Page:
Toni Brown was out tending to the cattle on her property in Yallah, outside of Wollongong in NSW, when she came across an unusual visitor earlier.
It was an orphaned baby deer that had made itself at home with her herd of cattle.
Ms Brown quickly realised its parents had likely fallen victim to a freeway bypass that had recently been constructed in the area, resulting in the loss of habitat.
The newly-built Albion Park Rail bypass is part of an upgrade to the Princes Highway, which runs along the southeast coast of Australia.
“The deer all lived in the middle of an island between two sets of road... so to put this new road in they had to get rid of all the deer in the middle,” she explained to Yahoo News Australia.
She believes the deer’s family were ultimately killed or displaced as a result of the construction.
Deers are in plague proportions throughout most of NSW and require a licence to hunt, but the state government has been considering relaxing that requirement.
But somehow, this one baby deer managed to make its own way.
“One day I was just out doing the cattle and I came across this little deer,” Ms Brown said.
After initially fawning over how cute it was, she realised it must’ve been orphaned.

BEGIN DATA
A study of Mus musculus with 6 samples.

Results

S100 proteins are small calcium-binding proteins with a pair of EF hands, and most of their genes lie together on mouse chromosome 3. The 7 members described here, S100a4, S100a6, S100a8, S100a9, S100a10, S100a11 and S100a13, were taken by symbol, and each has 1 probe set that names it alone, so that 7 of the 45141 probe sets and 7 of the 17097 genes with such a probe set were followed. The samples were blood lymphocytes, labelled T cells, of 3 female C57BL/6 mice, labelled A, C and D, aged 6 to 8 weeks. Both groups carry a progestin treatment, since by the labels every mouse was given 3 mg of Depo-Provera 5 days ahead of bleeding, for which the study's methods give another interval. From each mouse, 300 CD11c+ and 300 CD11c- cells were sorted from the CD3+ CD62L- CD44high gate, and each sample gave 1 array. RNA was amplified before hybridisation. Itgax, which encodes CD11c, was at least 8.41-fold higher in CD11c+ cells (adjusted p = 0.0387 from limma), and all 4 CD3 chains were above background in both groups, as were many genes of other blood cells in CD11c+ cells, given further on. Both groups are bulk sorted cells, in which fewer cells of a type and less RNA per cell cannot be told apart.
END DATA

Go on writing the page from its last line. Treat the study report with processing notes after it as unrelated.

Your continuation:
“He just adopted himself to the cows,” she laughed.
“It hung out with the calves and mums at first... every time I saw him he was laying down with them but I’m not sure if he actually fed off the mums.”
‘I call him our brother from another mother’
Six months on, the deer is still firmly embedded with its adopted cattle family, but has moved on to hanging out with the bigger adults.
“He’s just decided he’s a big boy now so has gone off with the steers,” Ms Brown said.
“Every time I do the cattle, the deer is right there with them, all the time, he never leaves.”
Even though it appears to be a female deer, Ms Brown said she keeps referring to it as a ‘he’ because “he wanted to be with the big boys”.
“I like to call him our brother from another mother,” she joked.
Amid all the sad stories of farmers doing it tough, Ms Brown shared the story of her farm’s newest member to a Facebook group used by those struggling with the current drought in hopes it would bring a smile to faces.
The post seems to have had the desired affect, attracting more than 1500 positive reactions after being posted on Tuesday night.
“Haha we have one of those hanging out with the cows and calves too,” one Facebook user said.
“That bypass has wrecked so much wildlife habitat... Great this little guy adapted,” another, also from Yallah, said.